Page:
Unkindly named but understandably, Ugli™ fruit, pronounced OO-gli, is wrapped in a rough, puffy, slightly loose-fitting greenish-yellow to orange baggy fragrant skin.
Violina Di Rugosa Butternut Squash
Violina di Rugosa squash is an heirloom butternut named after its violin shape and rough or scalloped skin.
Zest lemons are available year-round in some climates, with a peak season in the fall through winter months.
Zest lemons aren’t “true” lemons, they are citrons, one of the four original varieties of citrus along with pomelos, mandarins, and the little known papeda (yuzu and kaffir are varieties). Though Zest lemons are not a specific named variety, the term is typically used to describe varieties of Citrus medica. Cultivars include the fingered ‘buddha’s hand’, the Italian ‘cedri’ or ‘cedro’, ‘florentine’, or the popular ‘diamante’. Zest lemons refer to any citron or lemon that has an extremely thick rind and very little usable pulp. As the name suggests, Zest lemons are primarily used for their zest and thick white pith.
The benefits of Zest lemons are well-documented and date back to antiquity. They are rich in vitamin C, potassium, and magnesium and offer immune boosting antioxidants and beneficial dietary fiber. The volatile oils in the rind contain limonene and other terpenes (strong smelling organic compounds) which offer potent antimicrobial and antibiotic properties.
Zest lemons are primarily used for their zest and spongy white pith, though the more visually appealing Buddha’s hand is sometimes used as a table centerpiece or put on display. The zest is removed with a knife or peeler, and the fruit cut into sections. The pith can be grated and added to salads or baked goods. Some recipes will call for cutting the pith into long, julienned slices. The most popular use for Zest lemons is for making candied citron. The rind and pith are removed from the pulp and soaked in a sugar water and then dried. Candied Zest lemon is an important ingredient in the holiday panettone cake and other desserts. Zest lemons are also used to flavor liqueurs like limoncello. In northern Italy, Zest lemons are used to make a famous soda called cedrata. Its zest and thick pith is used to make a wheatberry and ricotta cake called pizza grana, often made around Eastertime. Store Zest lemons at room temperature for up to a week. Refrigerate for up to three weeks.
Zest lemons like the ‘etrog’ are used during Jewish holidays and festivals. Etrog citrons are grown specifically for the October Jewish holiday of Sukkot. The very aromatic citrons are given as gifts, considered to be symbols of the heart. used in the waving rituals during the Feast of the Tabernacles. Stories from the Torah refer to the etrog as the “forbidden fruit” from the Garden of Eden. Early Greeks referred to the citron as the “Persian apple” or “golden pommes” were speaking of may have in fact been citrons. In both Hinduism and Buddhism, figures of worship are depicted holding a citron. One is Kubera, the lord of treasures, who is often holding a citron in one of his up to 6 arms. To ancient Hindus, the citron was a symbol of prosperity.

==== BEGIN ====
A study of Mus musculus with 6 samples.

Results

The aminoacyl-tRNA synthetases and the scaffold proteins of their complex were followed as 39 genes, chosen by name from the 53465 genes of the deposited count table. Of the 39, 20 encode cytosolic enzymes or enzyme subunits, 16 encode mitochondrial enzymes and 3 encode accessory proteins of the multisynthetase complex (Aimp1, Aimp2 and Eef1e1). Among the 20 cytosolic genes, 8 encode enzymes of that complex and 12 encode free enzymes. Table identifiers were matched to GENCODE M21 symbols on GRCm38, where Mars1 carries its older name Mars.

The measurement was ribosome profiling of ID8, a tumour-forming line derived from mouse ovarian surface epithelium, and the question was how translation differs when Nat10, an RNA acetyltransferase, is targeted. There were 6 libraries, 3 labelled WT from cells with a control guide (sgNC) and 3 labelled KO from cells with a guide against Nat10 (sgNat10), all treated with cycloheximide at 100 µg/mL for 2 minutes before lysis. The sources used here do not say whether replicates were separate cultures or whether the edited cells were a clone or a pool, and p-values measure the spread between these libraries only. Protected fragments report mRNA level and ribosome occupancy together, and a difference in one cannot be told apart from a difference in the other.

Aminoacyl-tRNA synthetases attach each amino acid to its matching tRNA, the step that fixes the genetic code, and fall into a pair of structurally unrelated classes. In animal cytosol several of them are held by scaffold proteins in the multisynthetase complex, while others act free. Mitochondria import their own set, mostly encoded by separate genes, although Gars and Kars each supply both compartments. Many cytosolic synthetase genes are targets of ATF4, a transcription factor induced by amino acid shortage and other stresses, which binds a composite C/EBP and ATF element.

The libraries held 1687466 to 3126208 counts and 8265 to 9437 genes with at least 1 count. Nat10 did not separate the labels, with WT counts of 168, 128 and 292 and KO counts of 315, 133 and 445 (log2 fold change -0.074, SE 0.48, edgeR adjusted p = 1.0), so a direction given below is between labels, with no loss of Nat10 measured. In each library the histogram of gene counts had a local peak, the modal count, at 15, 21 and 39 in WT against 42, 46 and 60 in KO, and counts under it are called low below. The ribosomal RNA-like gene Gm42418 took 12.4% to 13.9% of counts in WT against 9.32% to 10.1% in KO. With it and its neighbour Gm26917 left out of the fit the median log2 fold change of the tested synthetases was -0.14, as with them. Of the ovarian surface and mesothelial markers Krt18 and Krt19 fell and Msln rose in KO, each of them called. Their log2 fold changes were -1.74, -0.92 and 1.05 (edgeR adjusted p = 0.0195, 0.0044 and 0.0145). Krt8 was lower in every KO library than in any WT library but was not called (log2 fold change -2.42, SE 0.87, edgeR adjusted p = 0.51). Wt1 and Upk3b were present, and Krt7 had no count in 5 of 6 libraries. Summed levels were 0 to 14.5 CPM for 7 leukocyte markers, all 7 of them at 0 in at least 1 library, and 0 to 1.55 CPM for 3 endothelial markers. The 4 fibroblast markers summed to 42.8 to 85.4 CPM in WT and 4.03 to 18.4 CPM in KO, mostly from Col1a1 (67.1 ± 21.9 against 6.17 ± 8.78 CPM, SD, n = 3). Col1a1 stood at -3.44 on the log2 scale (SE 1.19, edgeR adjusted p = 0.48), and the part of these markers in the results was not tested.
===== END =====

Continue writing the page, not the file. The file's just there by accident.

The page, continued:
Zest lemon varieties date back to at least 4000 BC. It is believed that the citron was originally from an area in Central Asia that makes up present day Saudi Arabia, Iraq, and Yemen. It was likely spread to the surrounding regions by the Persians. In Egypt, citrons were discovered in wall paintings in the tombs of the pharaohs. They were likely brought to Greece by the armies of Alexander the Great, and from there to Italy. Roman sculptures, paintings, and even remnants of a mosaic in Pompeii depict citrons. The fruit was first named in the mid-1700s, and given the species epithet “medica” to indicate its powerful medicinal properties. Zest lemons are most commonly found in the Mediterranean region, primarily in Italy. They are grown in Calabria in the south and along the Italian Riveria in the north. Some Zest lemon varieties are grown in Southern California and Florida; however, most are commercially grown in Southeast Asia, the Mediterranean region, and Israel.
Recipes that include Zest Lemons. One is easiest, three is harder.